Lower Columbia College will spend $1.55 million on a "wish list" of projects that include a new gym floor, a new campus telephone system and an addition to the campus services building.
A surge in tuition dollars from LCC's record-high enrollment is funding the projects, said college spokeswoman Sue Groth. LCC's board of trustees approved the projects last week.
"Because our enrollment has been so high for so long, we paid for extra teachers and we still have money left over. We've decided to do several projects that weren't in the original budget ... and we have a number of projects on the wish list," Groth said.
Groth said LCC officials decided not to use surplus tuition dollars to make up for a projected $890,000 cut the college is expecting in state support. Using it that way would be only a temporary fix, Groth said.
"If we use the money to plug the hole this year, we'll have to make those cuts next year," Groth explained, adding there's no guarantee excess tuition dollars will be available in coming years.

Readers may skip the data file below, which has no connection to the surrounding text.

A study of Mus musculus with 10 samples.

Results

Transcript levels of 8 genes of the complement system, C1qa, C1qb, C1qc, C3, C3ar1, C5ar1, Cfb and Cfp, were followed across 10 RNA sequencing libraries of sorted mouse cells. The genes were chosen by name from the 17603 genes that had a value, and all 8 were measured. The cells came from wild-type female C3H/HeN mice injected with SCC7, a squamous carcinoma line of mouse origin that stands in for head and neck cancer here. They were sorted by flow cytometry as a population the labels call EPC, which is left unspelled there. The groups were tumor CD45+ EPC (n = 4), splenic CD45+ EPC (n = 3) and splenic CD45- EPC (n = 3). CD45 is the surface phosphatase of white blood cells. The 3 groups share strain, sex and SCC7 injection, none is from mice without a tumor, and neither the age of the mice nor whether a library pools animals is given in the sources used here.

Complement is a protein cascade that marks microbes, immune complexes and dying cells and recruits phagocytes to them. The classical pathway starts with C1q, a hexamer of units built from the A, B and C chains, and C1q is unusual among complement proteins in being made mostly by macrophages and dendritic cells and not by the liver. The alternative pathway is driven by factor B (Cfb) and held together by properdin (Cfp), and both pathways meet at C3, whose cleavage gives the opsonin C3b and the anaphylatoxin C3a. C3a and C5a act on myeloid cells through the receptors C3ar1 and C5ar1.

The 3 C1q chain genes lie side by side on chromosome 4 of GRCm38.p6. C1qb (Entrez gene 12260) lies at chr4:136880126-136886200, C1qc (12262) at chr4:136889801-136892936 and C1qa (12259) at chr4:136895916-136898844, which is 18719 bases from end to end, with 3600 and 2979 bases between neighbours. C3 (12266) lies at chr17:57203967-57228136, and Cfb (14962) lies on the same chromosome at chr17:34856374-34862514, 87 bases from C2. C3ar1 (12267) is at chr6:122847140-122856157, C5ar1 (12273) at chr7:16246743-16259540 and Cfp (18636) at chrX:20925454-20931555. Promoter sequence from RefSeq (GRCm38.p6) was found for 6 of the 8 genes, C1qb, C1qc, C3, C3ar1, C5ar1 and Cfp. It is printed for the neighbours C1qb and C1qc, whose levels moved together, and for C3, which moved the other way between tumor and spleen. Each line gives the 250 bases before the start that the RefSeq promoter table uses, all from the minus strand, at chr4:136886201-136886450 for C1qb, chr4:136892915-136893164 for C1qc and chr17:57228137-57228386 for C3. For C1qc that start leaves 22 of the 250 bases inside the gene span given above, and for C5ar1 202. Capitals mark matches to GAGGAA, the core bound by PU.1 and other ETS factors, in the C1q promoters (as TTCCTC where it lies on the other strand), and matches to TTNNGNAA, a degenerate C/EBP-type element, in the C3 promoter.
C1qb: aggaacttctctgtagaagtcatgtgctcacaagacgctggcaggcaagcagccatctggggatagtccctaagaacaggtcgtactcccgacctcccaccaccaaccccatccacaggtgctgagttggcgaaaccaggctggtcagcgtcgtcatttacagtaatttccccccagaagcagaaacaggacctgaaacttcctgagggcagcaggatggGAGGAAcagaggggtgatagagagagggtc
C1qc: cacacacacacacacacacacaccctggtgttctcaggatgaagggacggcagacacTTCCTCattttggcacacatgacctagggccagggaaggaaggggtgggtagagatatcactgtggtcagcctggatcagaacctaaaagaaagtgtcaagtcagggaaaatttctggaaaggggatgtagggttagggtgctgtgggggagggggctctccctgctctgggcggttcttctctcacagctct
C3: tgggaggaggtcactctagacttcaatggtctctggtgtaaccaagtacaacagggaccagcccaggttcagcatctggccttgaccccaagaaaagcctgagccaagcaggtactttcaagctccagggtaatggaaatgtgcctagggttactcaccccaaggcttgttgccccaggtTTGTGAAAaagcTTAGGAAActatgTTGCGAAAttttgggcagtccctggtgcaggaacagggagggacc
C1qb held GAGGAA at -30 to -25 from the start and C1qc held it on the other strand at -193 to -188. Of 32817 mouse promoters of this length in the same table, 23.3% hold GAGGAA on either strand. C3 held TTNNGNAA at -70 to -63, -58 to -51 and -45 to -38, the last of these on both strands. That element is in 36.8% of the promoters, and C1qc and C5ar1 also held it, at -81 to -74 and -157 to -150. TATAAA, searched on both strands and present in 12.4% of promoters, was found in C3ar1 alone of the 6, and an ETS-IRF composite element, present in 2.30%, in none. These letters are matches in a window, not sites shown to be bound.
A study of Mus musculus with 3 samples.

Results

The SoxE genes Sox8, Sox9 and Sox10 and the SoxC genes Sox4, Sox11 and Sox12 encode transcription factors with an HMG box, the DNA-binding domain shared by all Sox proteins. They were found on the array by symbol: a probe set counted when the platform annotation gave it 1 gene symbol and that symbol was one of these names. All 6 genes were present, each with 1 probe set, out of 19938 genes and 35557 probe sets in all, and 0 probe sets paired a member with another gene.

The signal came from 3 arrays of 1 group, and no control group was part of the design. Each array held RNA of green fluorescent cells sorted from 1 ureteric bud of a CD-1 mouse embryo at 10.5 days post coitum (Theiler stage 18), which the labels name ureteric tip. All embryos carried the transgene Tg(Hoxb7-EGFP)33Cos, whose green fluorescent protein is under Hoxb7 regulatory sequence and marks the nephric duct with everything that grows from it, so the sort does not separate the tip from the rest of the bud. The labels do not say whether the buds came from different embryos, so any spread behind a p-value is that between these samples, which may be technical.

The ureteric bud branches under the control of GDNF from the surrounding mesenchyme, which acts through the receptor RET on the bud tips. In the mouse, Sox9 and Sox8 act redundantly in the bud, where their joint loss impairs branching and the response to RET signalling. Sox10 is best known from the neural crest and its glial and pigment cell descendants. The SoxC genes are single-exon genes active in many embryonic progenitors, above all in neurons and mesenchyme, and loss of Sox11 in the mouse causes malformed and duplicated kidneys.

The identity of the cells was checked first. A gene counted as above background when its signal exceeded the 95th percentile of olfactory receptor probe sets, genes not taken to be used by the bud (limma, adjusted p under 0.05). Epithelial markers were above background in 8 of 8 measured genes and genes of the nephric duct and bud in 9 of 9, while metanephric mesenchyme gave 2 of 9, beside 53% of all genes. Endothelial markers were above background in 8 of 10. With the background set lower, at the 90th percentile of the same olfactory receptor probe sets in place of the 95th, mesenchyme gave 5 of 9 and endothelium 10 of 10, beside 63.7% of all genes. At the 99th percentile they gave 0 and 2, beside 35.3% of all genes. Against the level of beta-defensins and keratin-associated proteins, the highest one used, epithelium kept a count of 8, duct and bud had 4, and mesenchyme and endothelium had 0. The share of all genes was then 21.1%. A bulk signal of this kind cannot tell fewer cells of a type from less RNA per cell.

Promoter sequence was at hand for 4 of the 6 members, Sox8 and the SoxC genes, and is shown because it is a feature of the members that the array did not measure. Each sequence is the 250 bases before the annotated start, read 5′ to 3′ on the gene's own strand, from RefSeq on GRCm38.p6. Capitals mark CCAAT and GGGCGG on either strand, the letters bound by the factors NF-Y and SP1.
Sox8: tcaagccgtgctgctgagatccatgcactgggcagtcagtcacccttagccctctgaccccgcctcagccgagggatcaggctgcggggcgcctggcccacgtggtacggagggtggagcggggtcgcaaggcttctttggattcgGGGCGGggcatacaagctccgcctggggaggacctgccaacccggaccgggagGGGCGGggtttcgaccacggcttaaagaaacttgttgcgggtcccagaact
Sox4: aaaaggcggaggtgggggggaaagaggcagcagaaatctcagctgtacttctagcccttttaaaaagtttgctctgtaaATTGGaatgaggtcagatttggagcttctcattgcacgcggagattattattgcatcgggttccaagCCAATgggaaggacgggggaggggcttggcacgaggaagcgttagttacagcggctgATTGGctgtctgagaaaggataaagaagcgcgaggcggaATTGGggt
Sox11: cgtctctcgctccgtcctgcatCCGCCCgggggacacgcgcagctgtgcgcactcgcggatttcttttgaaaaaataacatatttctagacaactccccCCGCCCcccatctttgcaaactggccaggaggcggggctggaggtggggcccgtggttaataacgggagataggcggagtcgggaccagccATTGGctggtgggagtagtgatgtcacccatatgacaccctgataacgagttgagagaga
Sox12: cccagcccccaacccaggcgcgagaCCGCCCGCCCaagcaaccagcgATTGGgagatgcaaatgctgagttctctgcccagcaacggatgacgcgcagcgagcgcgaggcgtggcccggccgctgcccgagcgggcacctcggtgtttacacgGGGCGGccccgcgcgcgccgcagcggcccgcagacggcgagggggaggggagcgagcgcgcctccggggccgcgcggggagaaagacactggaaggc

LCC is planning to make up most, if not all, of the state revenue loss by offering a retirement incentive to employees this year.
The college will use part of the $1.55 million to restore some work-study hours expected to be cut by the state this year, purchase a dance floor for a Rose Center classroom, buy equipment for industrial technology programs, and put more money into the LCC student activities fund - which helps pay for student government and campus clubs.
Buying a new phone system is expected to cost about $500,000 and will serve the campus for many years to come, Groth said.
LCC is running out of phone lines. Also, Groth said, the new system won't cost the college any more than moving the hardware for the existing system, which it must do when it demolishes the Instructional Office Building in a few years. "We were going to have to pay just as much to keep the one we have now functioning," Groth said.
Some of the money will help the LCC Head Start program add several offices to its day-care building - a project that's mostly funded by grants.
In place of the existing Head Start administrative office building, LCC wants to build a two-story addition to the school's campus services building, which houses the LCC mail room and security offices. The college also wants the new addition to include storage room and classrooms in for the Career Education Options program, which helps 16- to 21-year-olds earn high school diplomas. The program now is in a campus portable, Groth said.